SCIENCE | CONSERVATION | EDUCATION
Archbold is a rare gem. It serves as a crucible, a melting pot, for science, conservation, and education.
Archbold is known worldwide for the quality of its field science.
Some of the longest-term studies in the world are conducted here, explaining demography and changes over time in plant and animal populations.
Our environmental records date back more than 80 years and have documented the dramatic trends in fire, hydrology, and weather that drive Florida ecosystems.
Archbold’s Buck Island Ranch serves as one of the nation’s leading research centers addressing the sustainability of agroecosystems.
And our use of cutting-edge technologies and data management is supplying our “big science” data to numerous global networks.
At Archbold, science is uniquely coupled with conservation, specifically informing conservation action.
Our research is first class, successfully addressing many of the biggest questions in science, and also drives critical conservation actions on the ground.
The direct coupling of science and conservation distinguishes Archbold from much of traditional academia. While most conservation management is arguably science-based, conservation organizations rely on Archbold to conduct the science they need.
Our 20,000 acres are an extraordinary natural laboratory, encompassing one of the rarest habitats in North America, the Florida scrub, the vast grasslands of a full-scale working cattle ranch, and extensive wetland ecosystems under restoration. The ecological and economic reality of managing these lands gives our research a unique perspective.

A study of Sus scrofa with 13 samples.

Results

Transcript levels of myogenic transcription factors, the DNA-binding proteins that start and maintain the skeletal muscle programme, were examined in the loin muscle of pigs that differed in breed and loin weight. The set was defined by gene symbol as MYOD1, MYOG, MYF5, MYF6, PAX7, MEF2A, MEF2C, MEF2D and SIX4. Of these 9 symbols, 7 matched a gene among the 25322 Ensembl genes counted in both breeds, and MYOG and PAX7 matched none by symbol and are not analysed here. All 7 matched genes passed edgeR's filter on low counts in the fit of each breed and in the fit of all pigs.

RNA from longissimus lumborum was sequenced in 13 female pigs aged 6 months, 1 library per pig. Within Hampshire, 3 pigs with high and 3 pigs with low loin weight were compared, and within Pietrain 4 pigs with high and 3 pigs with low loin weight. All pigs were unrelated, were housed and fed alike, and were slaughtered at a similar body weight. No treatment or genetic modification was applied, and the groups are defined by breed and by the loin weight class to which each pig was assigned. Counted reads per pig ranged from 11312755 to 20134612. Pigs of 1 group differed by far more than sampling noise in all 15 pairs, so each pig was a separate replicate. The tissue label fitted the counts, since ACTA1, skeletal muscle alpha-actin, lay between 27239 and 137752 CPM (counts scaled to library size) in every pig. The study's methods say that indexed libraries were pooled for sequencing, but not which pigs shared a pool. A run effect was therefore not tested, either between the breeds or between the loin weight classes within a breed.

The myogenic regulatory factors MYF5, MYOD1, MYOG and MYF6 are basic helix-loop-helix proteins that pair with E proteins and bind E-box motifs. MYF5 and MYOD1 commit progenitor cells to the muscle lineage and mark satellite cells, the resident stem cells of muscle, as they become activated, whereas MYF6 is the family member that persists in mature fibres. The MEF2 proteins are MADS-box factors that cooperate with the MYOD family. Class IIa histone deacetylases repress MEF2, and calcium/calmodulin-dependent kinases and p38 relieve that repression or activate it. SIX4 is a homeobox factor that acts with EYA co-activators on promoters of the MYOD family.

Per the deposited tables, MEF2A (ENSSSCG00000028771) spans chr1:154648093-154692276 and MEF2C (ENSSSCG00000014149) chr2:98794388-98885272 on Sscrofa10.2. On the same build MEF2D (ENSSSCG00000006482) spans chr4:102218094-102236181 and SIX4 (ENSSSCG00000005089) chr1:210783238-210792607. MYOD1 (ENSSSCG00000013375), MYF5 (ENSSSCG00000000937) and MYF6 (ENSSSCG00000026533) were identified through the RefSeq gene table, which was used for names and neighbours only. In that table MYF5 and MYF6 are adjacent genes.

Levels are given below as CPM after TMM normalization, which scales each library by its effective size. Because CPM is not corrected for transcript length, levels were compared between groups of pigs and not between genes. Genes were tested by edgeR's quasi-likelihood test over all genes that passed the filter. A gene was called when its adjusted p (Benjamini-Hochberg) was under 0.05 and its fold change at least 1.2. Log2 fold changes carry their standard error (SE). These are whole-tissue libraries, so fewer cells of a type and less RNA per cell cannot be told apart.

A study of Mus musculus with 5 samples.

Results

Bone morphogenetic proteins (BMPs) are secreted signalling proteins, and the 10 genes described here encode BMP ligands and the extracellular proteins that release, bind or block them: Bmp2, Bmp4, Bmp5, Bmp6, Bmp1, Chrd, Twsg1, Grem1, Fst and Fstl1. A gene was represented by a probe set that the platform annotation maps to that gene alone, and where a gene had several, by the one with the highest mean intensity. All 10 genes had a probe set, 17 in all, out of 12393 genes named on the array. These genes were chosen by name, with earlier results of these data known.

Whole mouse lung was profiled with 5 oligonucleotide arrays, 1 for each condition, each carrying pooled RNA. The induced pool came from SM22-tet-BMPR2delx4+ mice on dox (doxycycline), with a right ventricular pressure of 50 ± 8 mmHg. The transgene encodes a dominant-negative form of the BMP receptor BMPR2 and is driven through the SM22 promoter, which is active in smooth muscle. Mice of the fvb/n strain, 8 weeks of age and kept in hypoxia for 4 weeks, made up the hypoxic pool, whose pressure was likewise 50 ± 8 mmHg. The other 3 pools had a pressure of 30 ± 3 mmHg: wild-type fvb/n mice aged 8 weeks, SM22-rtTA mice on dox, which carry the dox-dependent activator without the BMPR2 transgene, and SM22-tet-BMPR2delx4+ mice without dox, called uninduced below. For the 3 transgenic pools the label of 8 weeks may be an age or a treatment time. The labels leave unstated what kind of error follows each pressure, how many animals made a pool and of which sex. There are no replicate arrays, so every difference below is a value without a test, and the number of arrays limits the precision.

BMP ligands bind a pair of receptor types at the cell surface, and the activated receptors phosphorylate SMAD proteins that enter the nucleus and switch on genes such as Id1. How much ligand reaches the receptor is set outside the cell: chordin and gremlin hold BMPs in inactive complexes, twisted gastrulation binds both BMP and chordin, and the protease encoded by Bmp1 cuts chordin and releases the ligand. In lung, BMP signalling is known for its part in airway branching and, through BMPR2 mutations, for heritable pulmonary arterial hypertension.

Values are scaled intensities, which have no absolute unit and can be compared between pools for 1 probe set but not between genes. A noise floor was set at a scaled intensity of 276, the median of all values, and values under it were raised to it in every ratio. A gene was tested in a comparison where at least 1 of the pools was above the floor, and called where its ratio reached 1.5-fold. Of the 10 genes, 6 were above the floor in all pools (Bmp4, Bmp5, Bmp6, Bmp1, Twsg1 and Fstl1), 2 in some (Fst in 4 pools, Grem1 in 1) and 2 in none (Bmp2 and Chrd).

Situated crucially in the Headwaters of the Everglades, we have built an expanded network of additional research sites throughout this globally important 2.6 million-acre watershed and beyond.
We test conservation outcomes and work with an ever-expanding network of conservation partners, from local to global, to put our scientific findings into action.
Conservation informs our science.
We work with land managers and landowners to better understand their challenges and frame emerging scientific approaches for the problems they want our help to solve.
How to save the rarest of the rare plants and animals? What is needed to sustain grasslands and working farms and ranches? Where to prioritize protection of the wildlife corridors that unite Florida’s conservation lands? And how best to address the impacts of climate change?
Our conservation science has special relevance for the world’s biodiversity hotspots and centers of endemism, for critical global grasslands, for climate change modeling and forecasting, and for wildlife corridors being established across many other nations.
For example, for species such as the endangered Florida Grasshopper Sparrow, decades of Archbold science conducted at Avon Park Air Force Range Sentinel Landscape has improved chances of nesting success for this rarest of birds, enhanced management of dry prairie habitat, and helped the United States Department of Defense meet their regulatory requirements and align their military mission with conservation goals.